Friday, March 15, 2013

A Civil Society?

I have been thinking a great deal lately about what makes society - either our American society, the worldwide society of humans, or my own Society of Jesus - civil. That is, what promotes our living well together?

Recently I read an essay by Jesuit Father John Courtney Murray entitled "Civil Unity and Religious Integrity." Granted that this essay was penned almost sixty years ago, it bears sharing:
In America we have been rescued from the disaster of ideological parties. They are a disaster because where such parties exist, power becomes a special kind of prize. The struggle for power is a partisan struggle for the means whereby the opposing ideology may be destroyed. It has been remarked that only in a disintegrating society does politics become a controversy over ends; it should be simply a controversy over means to ends already agreed on with sufficient unanimity
 For those who thought me uncharitable to Mr. Weigel in my last post, perhaps my frustration with his work arises from what I see to be precisely his seduction to this partisan grasping at power. In Weigel's world, the Church is divided into various camps - liberal/conservative, orthodox/heterodox - with each grasping at the power of the papacy, the power of various offices, the power of...it really doesn't matter. The grasp is for power. "When I'm in charge, I'm going to fix the the corruptions and abuses, reform the system....". We've heard it all before: every election cycle, every transition of CEO, and now with the change of pope.

Sometimes I look around the chapel at the 70+ Jesuits in my community and think, "Lord, you do exist, for only you could assemble such a crew. I know this isn't the group I'd pick!" This is a good realization for, no matter our differences or disagreements about how we preach the Gospel, how we promote the Kingdom, how we live out the mission entrusted to the Church, we do so with the common bond of being friends in the Lord, Companions of Jesus. Both in the name of our religious institute and in the depths of our hearts, we are held together by a single point: Jesus Christ.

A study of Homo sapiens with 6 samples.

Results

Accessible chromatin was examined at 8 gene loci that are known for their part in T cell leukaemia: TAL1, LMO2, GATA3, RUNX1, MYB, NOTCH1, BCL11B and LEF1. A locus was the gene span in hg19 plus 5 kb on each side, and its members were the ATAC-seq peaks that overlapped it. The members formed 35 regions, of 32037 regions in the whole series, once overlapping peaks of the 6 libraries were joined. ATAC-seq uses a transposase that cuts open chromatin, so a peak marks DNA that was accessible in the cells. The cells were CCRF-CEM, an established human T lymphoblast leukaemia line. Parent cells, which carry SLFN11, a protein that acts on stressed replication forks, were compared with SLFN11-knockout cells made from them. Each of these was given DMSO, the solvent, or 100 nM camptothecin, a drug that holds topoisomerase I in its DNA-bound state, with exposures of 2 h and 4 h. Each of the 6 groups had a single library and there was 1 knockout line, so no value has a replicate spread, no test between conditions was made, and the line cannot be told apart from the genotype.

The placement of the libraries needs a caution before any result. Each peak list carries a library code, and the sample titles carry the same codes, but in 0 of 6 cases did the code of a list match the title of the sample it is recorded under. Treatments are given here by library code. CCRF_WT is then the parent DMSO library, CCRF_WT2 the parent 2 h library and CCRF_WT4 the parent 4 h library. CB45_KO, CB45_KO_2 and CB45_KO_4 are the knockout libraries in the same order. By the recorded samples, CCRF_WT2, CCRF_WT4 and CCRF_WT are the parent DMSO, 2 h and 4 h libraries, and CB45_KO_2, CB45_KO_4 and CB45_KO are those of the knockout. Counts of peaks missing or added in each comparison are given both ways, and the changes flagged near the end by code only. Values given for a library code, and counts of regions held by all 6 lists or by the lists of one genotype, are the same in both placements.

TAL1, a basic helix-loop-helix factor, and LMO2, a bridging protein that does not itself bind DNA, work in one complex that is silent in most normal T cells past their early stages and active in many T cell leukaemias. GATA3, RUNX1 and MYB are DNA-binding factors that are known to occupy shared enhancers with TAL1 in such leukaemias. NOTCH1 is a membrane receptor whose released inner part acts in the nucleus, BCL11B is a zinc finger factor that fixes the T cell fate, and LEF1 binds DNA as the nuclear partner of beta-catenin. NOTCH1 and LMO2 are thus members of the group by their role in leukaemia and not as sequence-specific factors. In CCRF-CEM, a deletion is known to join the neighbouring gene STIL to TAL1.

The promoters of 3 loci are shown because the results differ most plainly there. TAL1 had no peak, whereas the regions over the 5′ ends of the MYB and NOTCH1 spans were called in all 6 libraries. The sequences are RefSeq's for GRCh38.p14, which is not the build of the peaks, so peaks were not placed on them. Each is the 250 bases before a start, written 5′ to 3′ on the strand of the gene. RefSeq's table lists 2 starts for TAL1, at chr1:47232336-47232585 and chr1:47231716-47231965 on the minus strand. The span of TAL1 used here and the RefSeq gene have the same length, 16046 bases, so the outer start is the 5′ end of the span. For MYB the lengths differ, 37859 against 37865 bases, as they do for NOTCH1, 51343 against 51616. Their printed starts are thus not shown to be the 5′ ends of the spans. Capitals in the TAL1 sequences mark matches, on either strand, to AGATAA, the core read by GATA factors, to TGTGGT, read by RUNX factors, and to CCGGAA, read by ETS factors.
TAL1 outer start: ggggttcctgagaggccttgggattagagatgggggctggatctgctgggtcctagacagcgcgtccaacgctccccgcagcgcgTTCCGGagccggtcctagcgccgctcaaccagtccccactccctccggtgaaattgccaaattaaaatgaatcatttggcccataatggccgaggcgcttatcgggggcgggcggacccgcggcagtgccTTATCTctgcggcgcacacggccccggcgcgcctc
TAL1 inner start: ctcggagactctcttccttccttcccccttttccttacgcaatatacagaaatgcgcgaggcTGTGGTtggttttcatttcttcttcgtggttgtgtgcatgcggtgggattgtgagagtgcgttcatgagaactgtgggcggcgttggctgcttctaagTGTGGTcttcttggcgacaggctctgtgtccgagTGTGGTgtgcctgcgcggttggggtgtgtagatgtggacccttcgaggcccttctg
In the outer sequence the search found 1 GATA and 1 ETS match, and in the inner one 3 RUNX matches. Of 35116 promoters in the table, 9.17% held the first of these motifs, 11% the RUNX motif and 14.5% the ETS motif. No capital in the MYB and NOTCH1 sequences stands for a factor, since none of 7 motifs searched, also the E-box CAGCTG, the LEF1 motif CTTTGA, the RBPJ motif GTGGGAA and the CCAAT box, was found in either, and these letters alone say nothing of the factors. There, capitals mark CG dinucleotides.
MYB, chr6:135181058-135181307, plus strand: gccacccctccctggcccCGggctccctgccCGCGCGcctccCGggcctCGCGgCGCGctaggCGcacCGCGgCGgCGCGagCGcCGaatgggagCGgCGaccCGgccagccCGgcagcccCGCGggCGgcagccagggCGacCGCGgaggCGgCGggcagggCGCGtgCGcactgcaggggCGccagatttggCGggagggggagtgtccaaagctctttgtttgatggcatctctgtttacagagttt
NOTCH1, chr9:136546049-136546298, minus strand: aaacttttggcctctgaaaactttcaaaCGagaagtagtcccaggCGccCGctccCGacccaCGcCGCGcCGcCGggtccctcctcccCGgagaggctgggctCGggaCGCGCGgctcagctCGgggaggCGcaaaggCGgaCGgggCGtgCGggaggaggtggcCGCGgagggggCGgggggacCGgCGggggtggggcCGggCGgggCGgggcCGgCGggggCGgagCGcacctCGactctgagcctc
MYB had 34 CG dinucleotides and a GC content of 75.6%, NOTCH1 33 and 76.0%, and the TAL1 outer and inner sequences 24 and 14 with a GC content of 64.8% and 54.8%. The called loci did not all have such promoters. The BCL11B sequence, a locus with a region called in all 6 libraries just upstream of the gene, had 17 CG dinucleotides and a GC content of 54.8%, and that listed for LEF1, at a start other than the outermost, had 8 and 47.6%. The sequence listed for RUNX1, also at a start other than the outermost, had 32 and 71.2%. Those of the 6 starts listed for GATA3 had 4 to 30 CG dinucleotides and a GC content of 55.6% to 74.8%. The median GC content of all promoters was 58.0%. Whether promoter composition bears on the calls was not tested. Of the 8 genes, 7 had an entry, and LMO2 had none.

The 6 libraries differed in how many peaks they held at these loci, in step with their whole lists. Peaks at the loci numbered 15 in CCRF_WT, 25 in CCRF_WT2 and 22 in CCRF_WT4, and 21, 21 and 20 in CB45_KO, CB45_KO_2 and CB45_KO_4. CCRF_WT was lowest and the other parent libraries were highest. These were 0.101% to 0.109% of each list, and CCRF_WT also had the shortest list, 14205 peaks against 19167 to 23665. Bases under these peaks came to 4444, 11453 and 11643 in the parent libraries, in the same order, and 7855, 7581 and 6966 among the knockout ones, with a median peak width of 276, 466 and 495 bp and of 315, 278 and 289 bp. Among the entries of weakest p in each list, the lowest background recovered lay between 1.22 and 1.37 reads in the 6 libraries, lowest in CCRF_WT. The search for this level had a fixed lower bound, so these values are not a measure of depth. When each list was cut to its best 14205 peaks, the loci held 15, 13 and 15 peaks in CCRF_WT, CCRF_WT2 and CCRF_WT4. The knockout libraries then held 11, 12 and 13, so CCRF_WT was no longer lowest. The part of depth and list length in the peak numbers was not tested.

Do we have such a lodestar in our own nation? It seems that we do not. If we can't sort out a budget, or have meaningful debate about immigration, healthcare, and guns, perhaps it's because we've disintegrated so far that we've forgotten how to talk to one another. Where our words, our reason, fail we resort to power grabs.

We need to re-learn how to talk to one another. Whether as a church or nation, we must keep three questions in mind:
  1. Who are we?
  2. Where are we going?
  3. How do we get there? 
What is our identity? What are we about? Are we a river or are we a swamp? Are we flowing along, albeit with rocks and obstacles in our way, obstacles slowly eroded over time, or are we just stagnant water? Do we have a purpose we can agree upon, a goal or destination, or have we given up hope for getting anywhere?

Shame on us if we expect one person to tell us where we're going. Near as I can tell, that's called a dictatorship and they never seem to end well. Pope Francis, bishop of Rome, eschewed a pedestal and stood on the same level to greet the cardinals who had elected him. We vote each cycle for the leadership who will move our country forward. We're in this, all of us, together and if we can't learn to talk to one another, to trust one another, there's no chance we'll go anywhere. The open horizon of the future that invites us to move forward with joy and innovation will become blotted out by clouds of despair and growing world-weariness.

In his first homily as the Holy Father, Pope Francis exhorts his listeners to movement: walking, building, professing. To do so as disciples on mission, however, is no easy task. Pope Francis notes that the way of discipleship proceeds, always, shadowed by the cross:
This Gospel continues with a special situation. The same Peter who confessed Jesus Christ, says, “You are the Christ, the Son of the living God. I will follow you, but let us not speak of the Cross. This has nothing to do with it.” He says, “I’ll follow you on other ways, that do not include the Cross.” When we walk without the Cross, when we build without the Cross, and when we profess Christ without the Cross, we are not disciples of the Lord. We are worldly, we are bishops, priests, cardinals, Popes, but not disciples of the Lord.  
 Peter's reluctance to face the Cross was overcome only through conversation with and a radical conversion toward the risen Lord. As we continue our journey through Lent, a journey increasingly darkened by the shadow of the approaching cross, may we continue to pray, to converse, with the Lord and turn our hearts toward the One who leads us. Rather than grasping at a power which tells us what we own, let us be grasped by the power who makes us to be what we are and gives us an identity beyond all others: sisters and brothers in Christ, children of God, pilgrims moving toward the Kingdom.